It is important to remember that there may be no bruising, scrapes or outward signs of physical trauma in victims with Shaken Baby Syndrome. The infant or child, however, may display one or more of the following alarming signs or symptoms:
• change in behavior
• poor appetite
• weak swallow or suck reflex
• generalized weakness
• irritability - both from brain swelling and from pain
• low or excessively high muscle tone in the extremities or trunk
• the head may stay turned to one side in a resting position
• head control may be absent in an older infant that previously had head control.
• excessively sleepy/lethargic
• pale skin color
• cool skin temperature
• difficulty breathing and sudden respiratory arrest.
Once SBS is diagnosed, other evidence of abuse may be discovered. Infants with SBS and non-accidental head trauma may but do not necessarily have co-occurring injuries such as skull fractures, neck strains and fractures, spinal strains and fractures, rib fractures, extremity fractures and bruising on the chest and/or abdomen and extremities. There may but not necessarily has to be evidence of new and old fractures on the ribs from multiple episodes of shaken baby syndrome and child abuse.
One of the most-recognized classic signs associated with SBS is retinal hemorrhage, or bleeding. The infant’s eyes may get injured and diffuse bleeding (hemorrhages) of both retinas may be present for several days after the injury. Retinal hemorrhages may clear up if the condition occurs in mild cases of SBS. But, in severe cases, blindness or permanent visual impairment may result from SBS. Subtle symptoms such as not focusing or tracking items may be the only physical finding that an infant demonstrates on an eye exam. Pupils may be small or large, or unequal in size. Unequal pupils are a “late” sign of brain trauma in babies, meaning that there is significant, new and additional pressure inside the brain sufficient to have caused the nerves controlling the pupil size in one eye to change from its normal size, while the pupil size on the other side remains normal. Absent or diminished pupillary reflexes may be present which is, again, another sign of increasing damage inside the brain.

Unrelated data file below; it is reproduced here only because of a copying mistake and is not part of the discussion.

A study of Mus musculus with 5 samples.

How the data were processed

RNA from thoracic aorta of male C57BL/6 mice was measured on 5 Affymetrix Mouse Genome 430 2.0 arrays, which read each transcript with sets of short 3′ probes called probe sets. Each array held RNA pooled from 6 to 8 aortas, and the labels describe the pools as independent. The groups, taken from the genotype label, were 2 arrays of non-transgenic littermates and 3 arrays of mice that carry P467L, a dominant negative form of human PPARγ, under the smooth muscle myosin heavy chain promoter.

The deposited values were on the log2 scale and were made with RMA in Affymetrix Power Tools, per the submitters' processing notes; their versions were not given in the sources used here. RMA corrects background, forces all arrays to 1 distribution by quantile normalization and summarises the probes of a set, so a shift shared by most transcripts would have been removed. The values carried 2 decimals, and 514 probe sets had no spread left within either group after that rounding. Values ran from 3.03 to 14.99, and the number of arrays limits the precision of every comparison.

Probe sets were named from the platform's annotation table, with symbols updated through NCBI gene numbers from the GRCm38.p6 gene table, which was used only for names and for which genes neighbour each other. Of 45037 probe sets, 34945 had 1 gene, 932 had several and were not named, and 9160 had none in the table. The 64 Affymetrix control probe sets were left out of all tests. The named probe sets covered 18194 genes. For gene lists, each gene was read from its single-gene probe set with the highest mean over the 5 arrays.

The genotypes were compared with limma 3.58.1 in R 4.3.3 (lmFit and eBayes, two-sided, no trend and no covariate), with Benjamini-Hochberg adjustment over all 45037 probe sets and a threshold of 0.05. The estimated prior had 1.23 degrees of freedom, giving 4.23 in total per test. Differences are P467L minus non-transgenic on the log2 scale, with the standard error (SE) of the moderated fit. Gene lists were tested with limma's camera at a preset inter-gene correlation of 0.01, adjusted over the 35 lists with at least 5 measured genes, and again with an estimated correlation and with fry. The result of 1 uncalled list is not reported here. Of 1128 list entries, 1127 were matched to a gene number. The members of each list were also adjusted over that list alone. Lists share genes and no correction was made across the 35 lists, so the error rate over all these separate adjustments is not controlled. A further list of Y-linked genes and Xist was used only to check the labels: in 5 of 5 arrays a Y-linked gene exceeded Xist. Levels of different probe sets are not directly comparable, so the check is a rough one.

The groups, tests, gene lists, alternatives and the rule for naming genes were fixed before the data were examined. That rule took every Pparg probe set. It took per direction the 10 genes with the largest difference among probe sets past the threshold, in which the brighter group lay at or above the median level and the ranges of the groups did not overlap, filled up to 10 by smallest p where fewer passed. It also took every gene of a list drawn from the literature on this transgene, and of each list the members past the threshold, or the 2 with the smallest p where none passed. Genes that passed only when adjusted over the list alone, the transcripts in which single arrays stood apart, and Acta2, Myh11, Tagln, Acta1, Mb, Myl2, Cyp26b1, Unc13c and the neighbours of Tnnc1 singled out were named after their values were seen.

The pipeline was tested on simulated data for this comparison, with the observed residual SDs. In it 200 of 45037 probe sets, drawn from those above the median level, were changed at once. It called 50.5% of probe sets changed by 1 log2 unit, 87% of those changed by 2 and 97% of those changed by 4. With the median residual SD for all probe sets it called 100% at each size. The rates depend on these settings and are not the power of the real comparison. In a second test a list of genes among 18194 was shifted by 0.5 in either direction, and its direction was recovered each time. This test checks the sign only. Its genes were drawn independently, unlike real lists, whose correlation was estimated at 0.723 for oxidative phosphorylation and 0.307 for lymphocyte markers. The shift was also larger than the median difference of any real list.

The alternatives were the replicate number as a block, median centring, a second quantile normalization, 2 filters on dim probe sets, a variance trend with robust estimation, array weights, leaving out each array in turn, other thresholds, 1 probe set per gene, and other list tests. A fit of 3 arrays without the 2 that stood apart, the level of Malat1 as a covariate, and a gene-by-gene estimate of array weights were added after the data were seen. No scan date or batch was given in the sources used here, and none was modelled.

The second and most damaging sign associated with SBS is damage to the brain, including damage to the blood vessels in the brain. The brain bleeds in many areas from the shaking forces with or without bruising, contusions and skull fractures. The bleeding in the brain will cause high pressures inside the cranium and globes of the eyes. If timely and effective treatment for the bleeding and swelling within the brain does not occur, serious neurological damage will likely occur or death may result from increased intracranial pressure and brain herniation. Improperly or untimely treated SBS may cause paralysis, deafness, learning disabilities, cerebral palsy and seizure disorders.
If you are trying to learn more specifics about the location within the brain that is damaged by shaking a baby, read on as we give a little background about specific head injury patterns often associated with SBS or abusive/non-accidental head trauma.